Dr. Patrick Flume: July 10, 2019

Summer Activities May Result in Exposure to a Bacteria that Can Cause a Chronic Lung Condition 

A Pulmonologist and Patient Raise Awareness About Nontuberculous Mycobacterial (NTM) Lung Disease

Dr. Patrick Flume

Pulmonologist and Professor of Medicine and Pediatrics at the Medical University of South Carolina

Debbie – NTM Lung Disease Patient

 

Some people associate warmer weather with outdoor activities like gardening and strolls through the park. Others associate the higher temperatures with staying cool indoors. However, many don’t realize that both may result in exposure to a common type of bacteria that can cause a serious and chronic condition that can lead to lung damage in those who are susceptible. Known as nontuberculous mycobacteria (NTM) or Mycobacterium avium complex (MAC), the bacteria can be breathed in through soil particles in the air and can be found in places like gardens and hot tubs as well as showerheads and tap water.

 

So, who should be concerned? Most people do not develop NTM lung disease because their lungs are healthy enough to clear the bacteria. However, individuals with pre-existing lung conditions like bronchiectasis, chronic obstructive pulmonary disease (COPD) or asthma are more likely to develop the disease. While NTM lung disease occurs throughout the U.S., seven out of 10 of all NTM infections occur in coastal areas. NTM lung disease cases are increasing by 8% each year in the U.S., so raising awareness of risk is important.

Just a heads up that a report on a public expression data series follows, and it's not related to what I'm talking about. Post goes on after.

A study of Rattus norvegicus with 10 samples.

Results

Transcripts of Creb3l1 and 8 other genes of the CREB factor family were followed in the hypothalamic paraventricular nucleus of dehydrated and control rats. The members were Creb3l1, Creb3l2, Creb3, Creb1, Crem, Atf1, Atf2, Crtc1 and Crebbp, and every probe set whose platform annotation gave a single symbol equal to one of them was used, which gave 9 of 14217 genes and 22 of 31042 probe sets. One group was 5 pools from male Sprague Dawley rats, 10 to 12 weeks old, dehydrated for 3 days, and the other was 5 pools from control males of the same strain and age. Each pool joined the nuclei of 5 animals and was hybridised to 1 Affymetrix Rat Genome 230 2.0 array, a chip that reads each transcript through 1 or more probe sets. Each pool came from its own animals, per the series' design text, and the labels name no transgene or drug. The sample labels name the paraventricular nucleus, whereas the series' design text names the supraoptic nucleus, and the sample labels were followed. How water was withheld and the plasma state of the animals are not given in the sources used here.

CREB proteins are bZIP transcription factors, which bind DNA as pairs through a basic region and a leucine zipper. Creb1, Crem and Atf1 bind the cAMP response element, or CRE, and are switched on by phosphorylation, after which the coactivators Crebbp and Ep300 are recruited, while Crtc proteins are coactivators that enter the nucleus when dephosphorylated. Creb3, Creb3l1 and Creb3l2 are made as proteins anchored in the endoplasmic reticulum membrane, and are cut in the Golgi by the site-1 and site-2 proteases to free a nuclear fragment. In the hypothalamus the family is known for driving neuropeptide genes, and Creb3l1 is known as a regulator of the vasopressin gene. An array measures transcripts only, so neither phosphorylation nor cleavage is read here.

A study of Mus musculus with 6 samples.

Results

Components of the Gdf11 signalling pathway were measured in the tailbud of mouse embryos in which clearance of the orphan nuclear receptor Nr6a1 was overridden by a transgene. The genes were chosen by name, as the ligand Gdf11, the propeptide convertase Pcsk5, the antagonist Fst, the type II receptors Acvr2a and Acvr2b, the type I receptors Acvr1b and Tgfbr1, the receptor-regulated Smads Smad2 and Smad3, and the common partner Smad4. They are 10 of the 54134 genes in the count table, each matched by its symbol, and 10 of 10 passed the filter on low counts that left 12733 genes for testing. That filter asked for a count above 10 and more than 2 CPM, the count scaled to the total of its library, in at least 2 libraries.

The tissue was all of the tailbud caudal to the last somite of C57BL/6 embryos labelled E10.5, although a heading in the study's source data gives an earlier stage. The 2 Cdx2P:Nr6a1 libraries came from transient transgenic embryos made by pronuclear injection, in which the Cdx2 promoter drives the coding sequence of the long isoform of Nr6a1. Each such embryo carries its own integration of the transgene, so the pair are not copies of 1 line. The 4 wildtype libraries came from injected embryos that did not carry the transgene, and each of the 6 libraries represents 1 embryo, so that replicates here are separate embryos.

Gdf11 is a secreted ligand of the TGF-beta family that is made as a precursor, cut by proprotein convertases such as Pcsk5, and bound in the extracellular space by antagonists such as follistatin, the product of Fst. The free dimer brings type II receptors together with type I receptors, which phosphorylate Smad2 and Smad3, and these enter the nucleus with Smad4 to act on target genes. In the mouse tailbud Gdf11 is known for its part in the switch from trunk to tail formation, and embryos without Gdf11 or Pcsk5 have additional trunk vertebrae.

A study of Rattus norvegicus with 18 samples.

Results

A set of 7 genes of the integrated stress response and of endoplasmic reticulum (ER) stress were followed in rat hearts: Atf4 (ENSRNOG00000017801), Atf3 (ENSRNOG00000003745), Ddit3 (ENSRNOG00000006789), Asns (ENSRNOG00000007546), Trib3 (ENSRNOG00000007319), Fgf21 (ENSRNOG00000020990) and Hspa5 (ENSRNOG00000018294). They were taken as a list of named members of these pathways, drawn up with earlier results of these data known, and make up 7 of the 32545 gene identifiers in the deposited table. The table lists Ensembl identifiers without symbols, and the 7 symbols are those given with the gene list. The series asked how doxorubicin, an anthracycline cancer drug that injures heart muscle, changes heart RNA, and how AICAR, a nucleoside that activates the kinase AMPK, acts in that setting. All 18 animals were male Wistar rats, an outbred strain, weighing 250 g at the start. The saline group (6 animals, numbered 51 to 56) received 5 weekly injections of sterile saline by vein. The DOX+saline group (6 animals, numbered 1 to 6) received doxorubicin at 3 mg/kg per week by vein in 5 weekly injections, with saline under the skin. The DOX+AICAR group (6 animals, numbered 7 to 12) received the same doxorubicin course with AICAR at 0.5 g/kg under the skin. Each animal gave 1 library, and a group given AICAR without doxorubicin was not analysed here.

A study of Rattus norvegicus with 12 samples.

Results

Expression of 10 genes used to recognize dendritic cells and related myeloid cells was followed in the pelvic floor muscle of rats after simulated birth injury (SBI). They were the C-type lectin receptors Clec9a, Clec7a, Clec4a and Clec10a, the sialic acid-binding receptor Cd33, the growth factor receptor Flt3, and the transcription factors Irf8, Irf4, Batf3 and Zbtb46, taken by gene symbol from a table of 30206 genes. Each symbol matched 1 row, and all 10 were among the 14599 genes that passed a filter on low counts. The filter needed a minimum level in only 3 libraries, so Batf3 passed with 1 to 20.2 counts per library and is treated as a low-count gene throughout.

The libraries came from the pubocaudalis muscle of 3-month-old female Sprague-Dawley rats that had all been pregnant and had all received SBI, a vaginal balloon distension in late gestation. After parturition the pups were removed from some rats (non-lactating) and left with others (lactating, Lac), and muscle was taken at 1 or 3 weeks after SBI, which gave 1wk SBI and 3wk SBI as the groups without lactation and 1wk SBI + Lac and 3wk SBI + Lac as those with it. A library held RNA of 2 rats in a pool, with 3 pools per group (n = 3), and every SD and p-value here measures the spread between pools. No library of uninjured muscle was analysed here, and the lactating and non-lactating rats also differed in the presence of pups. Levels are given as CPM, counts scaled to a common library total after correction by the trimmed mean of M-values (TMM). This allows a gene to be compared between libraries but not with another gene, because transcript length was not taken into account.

Since the symptoms of NTM lung disease like cough, fatigue and shortness of breath are similar to other lung conditions, those who have it may not know for months – or sometimes years. The symptoms of NTM lung disease may worsen over time, and in some cases, the disease can cause severe, even permanent damage to the lungs, so early detection and management are crucial to improving patient outcomes.

 

On July 10th, Dr. Patrick Flume, Pulmonologist and Professor of Medicine and Pediatrics at the Medical University of South Carolina, will help educate your viewers on risk factors and symptoms of NTM lung disease, while Debbie shares her experience as a patient living with the condition and discusses where people can go to find more information.

Visit AboutNTM.com for additional information about NTM lung disease, which includes the recently launched Voices of NTM Lung Disease eMagazine, featuring the perspectives of patients, caregivers, physicians and advocates in the community.

 

About Dr. Patrick Flume

Dr. Patrick Flume is a pulmonologist and professor of medicine and pediatrics at the Medical University of South Carolina (MUSC), and serves as director of the MUSC Health Cystic Fibrosis Center. Dr. Flume has special research interests in cystic fibrosis, bronchiectasis and chronic lung infections, including nontuberculous mycobacterial lung disease, and holds a medical degree from the University of Texas School of Medicine at San Antonio.